Making the Best of Castration


When they function at their best, summer theater festivals are infuriating. They bring us the most exciting works from beyond New York—then take them away quicker than you can hail a taxi on the New 42nd Street. Two packed houses of cognoscenti were lucky enough to see the sassy, savvy De Monstruos y Prodigios (La Historia de los Castrati) before the company was on its way back to Mexico. The critic, happy to be able to enthuse over something for a change, is left to feel like she’s licking her chops in front of the starving.

The blame belongs, of course, to the stupid economy of American arts funding, not to the International Hispanic Theatre Festival (which continues through June 30). Nor to playwright Jorge Kuri, director Claudio Valdés Kuri, or the six actors who sing, romp, and trash their way through three centuries of musical and philosophical ideals. (The stupid economy of American arts also explains why such rich work seldom emerges out of our own theaters: The troupe spent nine months developing the piece.)

The monster-prodigy at the center of the performance is the castrato, the singer whose testicles were surgically removed before puberty to keep his voice from deepening. His pop-star status, from the beginning of the 17th century until the last known castrato of 1914, derived from “a disturbing sensuality that makes men shudder and women swoon.” His crystalline soprano and thick body produced a sexual indeterminacy that provoked the lust of both men and women—history’s first groupies. Through the figure of the castrato, De Monstruos y Prodigios looks more generally and deeply at Western culture’s growing discomfort with ambiguity and the irrational, offering an unsettling—and hilarious—critique of the French Enlightenment.

Jean Ambroise Paré, the barber-surgeon who performed the first castrato operation in the early 1600s, serves as a guide through the 90-minute extravaganza. Played by two bewigged actors sharing a single gilded and ruffled coat, this two-headed, pompous bumbler personifies the mind/body problem. Along with a maestro seated at a candle-bedecked harpsichord, Jean Ambroise gives orders to a loin-clothed slave they call, simply, “Negro,” and violent singing lessons to a young castrato. Meanwhile, they both praise and revile Quirón, the 4000-year-old centaur—a scraggly-bearded, bare-breasted actor who stands behind a stall that keeps him visible only from the waist up as he gnaws on bones and humps the air.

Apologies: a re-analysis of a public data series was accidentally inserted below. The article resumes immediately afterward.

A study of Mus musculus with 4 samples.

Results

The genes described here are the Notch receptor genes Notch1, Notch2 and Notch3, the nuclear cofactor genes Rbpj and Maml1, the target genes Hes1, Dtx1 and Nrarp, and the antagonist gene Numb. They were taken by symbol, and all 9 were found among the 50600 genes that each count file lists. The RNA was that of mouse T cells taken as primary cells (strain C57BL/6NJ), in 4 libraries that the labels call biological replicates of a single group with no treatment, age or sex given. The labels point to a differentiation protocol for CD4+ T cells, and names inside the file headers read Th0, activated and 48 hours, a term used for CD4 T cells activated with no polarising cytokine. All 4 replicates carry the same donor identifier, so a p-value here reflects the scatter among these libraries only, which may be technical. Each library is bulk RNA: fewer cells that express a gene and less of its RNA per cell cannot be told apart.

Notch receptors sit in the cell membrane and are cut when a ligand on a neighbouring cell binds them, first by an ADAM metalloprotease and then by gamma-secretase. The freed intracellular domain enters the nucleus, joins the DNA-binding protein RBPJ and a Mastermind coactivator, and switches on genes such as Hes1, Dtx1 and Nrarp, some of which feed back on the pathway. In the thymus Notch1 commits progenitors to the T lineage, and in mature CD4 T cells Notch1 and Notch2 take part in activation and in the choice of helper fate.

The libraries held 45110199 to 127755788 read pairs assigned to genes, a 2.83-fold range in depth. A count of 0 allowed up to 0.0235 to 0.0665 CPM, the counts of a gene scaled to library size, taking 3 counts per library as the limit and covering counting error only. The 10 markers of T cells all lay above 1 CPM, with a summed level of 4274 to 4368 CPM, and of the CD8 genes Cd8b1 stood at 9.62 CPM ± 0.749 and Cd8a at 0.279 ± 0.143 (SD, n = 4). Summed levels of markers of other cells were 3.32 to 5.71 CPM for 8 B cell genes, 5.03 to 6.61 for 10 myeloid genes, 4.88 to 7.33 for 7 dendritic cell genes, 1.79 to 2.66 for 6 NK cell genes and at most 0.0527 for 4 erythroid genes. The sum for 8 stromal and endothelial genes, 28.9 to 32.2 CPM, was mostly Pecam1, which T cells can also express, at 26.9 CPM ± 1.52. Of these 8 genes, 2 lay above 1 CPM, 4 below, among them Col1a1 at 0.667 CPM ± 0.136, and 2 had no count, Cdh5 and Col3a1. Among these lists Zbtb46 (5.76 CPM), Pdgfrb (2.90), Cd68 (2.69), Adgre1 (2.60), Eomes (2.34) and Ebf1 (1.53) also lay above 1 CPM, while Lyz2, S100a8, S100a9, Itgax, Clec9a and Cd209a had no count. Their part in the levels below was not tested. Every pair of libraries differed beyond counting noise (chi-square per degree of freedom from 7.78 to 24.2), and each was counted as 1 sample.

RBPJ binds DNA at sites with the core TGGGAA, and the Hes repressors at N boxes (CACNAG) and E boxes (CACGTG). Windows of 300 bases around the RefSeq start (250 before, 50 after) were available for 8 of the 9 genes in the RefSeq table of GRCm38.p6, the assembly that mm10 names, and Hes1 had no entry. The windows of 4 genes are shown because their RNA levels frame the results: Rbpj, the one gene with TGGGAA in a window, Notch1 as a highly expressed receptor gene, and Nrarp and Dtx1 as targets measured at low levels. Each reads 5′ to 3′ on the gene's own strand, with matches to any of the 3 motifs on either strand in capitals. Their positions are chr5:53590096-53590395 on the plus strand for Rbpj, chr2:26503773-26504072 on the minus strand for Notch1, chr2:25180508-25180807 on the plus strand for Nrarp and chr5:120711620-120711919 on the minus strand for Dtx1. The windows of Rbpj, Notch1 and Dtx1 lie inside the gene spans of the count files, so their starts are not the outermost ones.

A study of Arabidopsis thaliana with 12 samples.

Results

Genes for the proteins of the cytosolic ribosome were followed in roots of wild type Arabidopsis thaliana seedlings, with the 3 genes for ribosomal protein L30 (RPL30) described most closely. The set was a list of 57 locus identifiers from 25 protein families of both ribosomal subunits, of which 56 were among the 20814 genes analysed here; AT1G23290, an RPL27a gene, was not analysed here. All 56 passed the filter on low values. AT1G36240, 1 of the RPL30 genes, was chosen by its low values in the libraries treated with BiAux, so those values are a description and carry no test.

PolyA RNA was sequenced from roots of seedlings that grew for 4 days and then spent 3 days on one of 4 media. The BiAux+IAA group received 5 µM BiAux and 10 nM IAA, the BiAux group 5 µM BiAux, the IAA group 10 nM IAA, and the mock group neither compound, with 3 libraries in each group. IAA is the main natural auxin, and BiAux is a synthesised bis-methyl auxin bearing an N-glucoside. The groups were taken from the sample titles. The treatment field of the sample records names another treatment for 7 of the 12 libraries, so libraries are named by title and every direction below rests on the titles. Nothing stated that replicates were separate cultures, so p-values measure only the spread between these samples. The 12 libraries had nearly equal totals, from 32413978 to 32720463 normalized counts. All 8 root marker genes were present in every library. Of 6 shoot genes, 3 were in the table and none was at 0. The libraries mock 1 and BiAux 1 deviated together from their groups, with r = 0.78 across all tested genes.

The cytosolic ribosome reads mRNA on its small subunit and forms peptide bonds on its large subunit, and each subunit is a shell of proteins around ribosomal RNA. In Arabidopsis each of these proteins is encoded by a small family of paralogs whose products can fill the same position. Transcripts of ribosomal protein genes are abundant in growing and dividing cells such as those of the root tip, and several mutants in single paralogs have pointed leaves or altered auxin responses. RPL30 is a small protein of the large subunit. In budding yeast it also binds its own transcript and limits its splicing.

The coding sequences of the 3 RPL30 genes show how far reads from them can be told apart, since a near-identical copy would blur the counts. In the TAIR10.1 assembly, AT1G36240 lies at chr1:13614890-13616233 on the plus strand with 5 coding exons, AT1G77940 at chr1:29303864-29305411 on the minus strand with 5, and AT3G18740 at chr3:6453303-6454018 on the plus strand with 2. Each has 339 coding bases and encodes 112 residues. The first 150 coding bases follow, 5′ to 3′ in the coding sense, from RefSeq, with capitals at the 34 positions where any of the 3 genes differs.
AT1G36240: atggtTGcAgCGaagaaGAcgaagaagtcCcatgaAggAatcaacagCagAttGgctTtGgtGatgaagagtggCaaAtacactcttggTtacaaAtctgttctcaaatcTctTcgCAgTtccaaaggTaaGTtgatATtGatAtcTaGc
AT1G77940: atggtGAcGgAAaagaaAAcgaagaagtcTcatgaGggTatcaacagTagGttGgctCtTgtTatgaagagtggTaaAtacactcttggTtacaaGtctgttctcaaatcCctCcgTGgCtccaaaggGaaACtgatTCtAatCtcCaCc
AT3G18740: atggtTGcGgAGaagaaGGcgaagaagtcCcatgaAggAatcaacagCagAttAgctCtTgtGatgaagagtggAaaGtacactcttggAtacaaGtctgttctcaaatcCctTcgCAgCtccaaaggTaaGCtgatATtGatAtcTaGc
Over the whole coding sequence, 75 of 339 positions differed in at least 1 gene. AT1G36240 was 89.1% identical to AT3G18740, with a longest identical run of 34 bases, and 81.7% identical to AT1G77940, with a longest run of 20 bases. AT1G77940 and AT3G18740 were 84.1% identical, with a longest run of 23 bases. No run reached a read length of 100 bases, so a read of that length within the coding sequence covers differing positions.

The castrato—played by Javier Medina, whose treatment for childhood leukemia left his larynx undeveloped—grows from beaten-down student to diva-destroying sensation. Throughout the course of the play, he sings some half-a-dozen arias in an always serviceable and sometimes soaring soprano, wearing ever more elaborately silly costumes. The last is a baroque take on Wagner: gold breastplate over exaggerated puff-out sleeves and pantaloons, and a helmet sprouting three feet of tricolored plumes.

In the meantime, the slave Sulaimán (Kaveh Parmas) takes an increasingly active role. In a side-splitting encounter with the castrato, he is handed a whip with which to whack him during the performance of a lament. As the castrato sings and weeps, motioning frantically to Sulaimán to take his cue, Sulaimán runs nervously back and forth, unable to bring himself to hit the source of his enchantment. In his own moment in the spotlight, he sings a sort of muezzin’s call, chanting gorgeous quarter notes until brutally silenced by Jean Ambroise. Soon this Noble Savage is declaring his rights, declaiming in French and insulting the audience. Napoleon enters to rescue history, blasting a cannon at all the baroque finery, and pitching the performance into an all-out food fight with the audience. Rationalism wins the day: The castrato is outlawed, Jean Ambroise splits into two, and the entire company is left looking like lost Beckettian souls.

While the line from 17th-century bel canto to contemporary rap may be less than direct, tracing it out may explain, at last, why those guys grab their thangs so often. Jonzi D, in his high-energy combo of rhymes, dance, and turntable scratch titled Lyrikal Fearta, was checking on his as if Jean Ambroise were waving a scalpel in the wings. Even so, the British rapster offers a clear critique of machismo in hip-hop.

Part of the three-week Hip-Hop Theater Festival at P.S. 122, Lyrikal Fearta is a series of choreographed vignettes. In one of the most pointed and charming, Jonzi D silently dances his way through a narrative of a young man’s tragic romance with guns; in the most beautiful, he performs a duet with a male partner to patter about brothers needing to cover each others’ backs. The dancers fall sideways, forward, askew; they’re caught and returned to their feet each time by the other.

It’s the movement—athletic, poetic, precise—that makes this work stand out. The rhymes are obvious. So are the politics (police brutality, racism, and shooting each other are all bad). Sometimes they’re even dumb. Freemason conspiracy? Please.